Growing up in the Mennonite church, community is a word I have heard many times. The idea of community continues to be ingrained within me at Eastern Mennonite University. We have community advisors, we sign community agreements, and we pride ourselves on the community that is EMU. The best advice I have ever received in regard to community is that it is okay to leave sometimes. As someone who grew up Mennonite, attended a Mennonite high school, and is now attending a Mennonite university, this idea comes across as abnormal compared to the normality of the Mennonite beliefs of community that I have been entangled in and accepted as true in the context in which I was raised. Mennonites have a history of trauma and persecution; the idea of leaving what has formed our history can be troubling to some.
Community can be a beautiful thing. I love the ideas of community that Mennonites present. Ideas are often perfectly worked out in a theoretical world, but theoretical worlds can never accurately model and predict the stochasticity that is present in life. Divisive events will occur in community, and oftentimes our response is to keep the community together to prevent internal conflict and eventual divisions. I am not condemning this response in any way; I am stating observations I have made from experiences I have had in the Mennonite church and education system in regard to community. The response of the community to divisive events within the community or pertaining to the community should, ultimately, be an attempt to preserve the values of the community rather than preserving the community over the values. We must also recognize the changes that occur in a community after divisive events. Our attempts to preserve the community cannot be planned with our eyes focused on what was in the past, but rather how what was in the past can help to predict the future and aid in the development of the response.
I am not speaking against the role of community at EMU and in the Mennonite church, I write this as a reminder of the beauty that community is in all of its strengths and vulnerability. I write this also to emphasize that even though EMU may label every aspect of campus as community, it can never be forced upon us. When divisive events occur, I would encourage us, as a community, to step away and mourn or rejoice as we are called.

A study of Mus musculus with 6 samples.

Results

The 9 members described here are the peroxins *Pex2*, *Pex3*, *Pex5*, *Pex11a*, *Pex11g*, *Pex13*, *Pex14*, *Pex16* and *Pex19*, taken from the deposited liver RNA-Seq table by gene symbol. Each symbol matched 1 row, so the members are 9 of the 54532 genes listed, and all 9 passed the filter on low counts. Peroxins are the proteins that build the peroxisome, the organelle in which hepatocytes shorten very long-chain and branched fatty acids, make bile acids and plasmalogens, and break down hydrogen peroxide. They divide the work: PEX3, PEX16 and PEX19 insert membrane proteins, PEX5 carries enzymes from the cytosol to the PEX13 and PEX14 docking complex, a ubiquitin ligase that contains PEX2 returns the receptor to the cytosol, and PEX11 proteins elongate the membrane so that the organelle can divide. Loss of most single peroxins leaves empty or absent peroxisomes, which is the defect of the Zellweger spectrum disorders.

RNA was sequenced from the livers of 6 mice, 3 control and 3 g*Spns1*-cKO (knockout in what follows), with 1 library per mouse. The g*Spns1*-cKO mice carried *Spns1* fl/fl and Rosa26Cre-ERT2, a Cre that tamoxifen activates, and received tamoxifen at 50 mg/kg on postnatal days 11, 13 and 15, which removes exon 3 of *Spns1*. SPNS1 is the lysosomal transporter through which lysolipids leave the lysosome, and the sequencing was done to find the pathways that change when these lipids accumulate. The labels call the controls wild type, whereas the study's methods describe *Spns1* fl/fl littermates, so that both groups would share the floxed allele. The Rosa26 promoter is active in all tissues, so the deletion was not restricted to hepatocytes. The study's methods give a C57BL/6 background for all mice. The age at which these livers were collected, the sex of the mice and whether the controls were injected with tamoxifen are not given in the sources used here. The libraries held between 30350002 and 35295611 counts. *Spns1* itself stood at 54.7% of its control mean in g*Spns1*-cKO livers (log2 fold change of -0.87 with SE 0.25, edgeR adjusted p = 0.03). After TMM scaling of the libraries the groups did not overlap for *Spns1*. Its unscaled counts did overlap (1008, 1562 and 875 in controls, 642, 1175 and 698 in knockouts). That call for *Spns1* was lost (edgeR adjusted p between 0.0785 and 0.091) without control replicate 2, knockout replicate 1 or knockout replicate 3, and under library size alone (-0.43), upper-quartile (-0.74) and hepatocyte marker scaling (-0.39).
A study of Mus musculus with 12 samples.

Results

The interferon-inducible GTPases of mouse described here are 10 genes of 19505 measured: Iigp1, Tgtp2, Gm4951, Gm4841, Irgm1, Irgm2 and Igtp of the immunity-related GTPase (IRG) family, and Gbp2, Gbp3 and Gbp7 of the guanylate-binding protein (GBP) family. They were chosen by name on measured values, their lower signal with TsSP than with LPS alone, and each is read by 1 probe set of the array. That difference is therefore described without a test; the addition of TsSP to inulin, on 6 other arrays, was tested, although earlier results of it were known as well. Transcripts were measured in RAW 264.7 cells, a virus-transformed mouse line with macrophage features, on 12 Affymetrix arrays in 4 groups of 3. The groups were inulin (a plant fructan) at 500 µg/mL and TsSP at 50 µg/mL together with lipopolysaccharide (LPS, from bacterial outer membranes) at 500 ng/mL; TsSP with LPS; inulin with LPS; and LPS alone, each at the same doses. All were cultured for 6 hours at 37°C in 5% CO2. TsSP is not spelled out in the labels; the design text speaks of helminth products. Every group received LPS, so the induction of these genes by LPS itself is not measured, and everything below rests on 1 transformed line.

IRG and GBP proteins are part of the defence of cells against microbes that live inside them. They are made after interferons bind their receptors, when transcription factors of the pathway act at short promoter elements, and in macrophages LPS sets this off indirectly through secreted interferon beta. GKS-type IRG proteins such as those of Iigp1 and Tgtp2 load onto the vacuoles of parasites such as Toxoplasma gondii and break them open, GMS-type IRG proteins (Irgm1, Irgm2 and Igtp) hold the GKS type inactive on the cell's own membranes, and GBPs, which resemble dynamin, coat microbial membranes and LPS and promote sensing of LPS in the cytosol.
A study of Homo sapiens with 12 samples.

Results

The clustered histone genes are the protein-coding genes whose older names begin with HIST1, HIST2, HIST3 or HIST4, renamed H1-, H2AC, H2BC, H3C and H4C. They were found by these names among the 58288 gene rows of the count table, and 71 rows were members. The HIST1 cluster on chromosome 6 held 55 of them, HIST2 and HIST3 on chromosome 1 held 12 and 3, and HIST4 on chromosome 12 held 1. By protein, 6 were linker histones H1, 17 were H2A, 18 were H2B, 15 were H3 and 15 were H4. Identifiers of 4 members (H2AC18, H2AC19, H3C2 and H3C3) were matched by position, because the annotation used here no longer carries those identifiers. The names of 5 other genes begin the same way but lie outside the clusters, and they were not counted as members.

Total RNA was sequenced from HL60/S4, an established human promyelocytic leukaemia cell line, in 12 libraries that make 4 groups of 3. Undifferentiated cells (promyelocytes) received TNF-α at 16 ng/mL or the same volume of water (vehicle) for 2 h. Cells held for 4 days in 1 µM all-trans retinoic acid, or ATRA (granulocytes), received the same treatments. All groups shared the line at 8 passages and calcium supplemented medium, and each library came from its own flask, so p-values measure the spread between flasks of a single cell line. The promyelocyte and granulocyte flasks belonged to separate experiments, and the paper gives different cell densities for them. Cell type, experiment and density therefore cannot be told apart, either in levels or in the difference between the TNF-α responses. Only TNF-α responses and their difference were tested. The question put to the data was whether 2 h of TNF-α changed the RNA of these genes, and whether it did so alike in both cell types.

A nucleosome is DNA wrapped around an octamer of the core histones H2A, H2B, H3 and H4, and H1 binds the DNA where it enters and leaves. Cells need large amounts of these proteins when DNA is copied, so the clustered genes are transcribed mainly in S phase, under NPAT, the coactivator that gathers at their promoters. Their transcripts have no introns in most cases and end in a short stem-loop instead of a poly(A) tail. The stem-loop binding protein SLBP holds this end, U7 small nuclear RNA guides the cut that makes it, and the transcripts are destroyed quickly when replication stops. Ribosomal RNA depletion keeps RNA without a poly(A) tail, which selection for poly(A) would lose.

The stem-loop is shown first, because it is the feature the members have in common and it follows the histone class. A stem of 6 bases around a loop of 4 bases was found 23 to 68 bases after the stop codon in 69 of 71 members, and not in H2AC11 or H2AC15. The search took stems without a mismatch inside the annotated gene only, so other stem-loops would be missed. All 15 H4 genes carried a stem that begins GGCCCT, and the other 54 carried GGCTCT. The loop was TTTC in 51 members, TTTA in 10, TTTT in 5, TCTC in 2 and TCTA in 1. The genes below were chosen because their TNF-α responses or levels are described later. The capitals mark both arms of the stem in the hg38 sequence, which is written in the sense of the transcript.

Divisive events are abnormal, often resulting in what seem to be abnormal responses. As a community we must recognize the individuality of each member and respect —in some cases without knowing — the reasoning behind an abnormal response. With as much emphasis as EMU puts on community, it is all the more important to recognize the fragility of a community. Trust takes years to build and can be shattered in a moment. When we repeatedly use a word that describes something as vulnerable as community, we must understand the consequences of every action, whether or not it is the initial action or the response. We must ask ourselves who it will affect, who it will build up, and who it will hurt.
There will be times when it is better for us to leave and find what we need elsewhere, and we need to recognize this. When we emphasize community to the extent of labeling every activity as such, it takes away from the meaning and gives a notion that there is no room for, at times, much-needed separation.
There will be times when we do not know the answer, and, as much as we resent this, we must be open to changes in our community. If we offend someone, it is our job to do what is in our power to reconcile the situation, but it is not our job as an individual or small group of individuals to decide who stays and who goes. There certainly will be times when toxicity is present and certain components must be removed, but we must do it without vengeance, for that is not ours.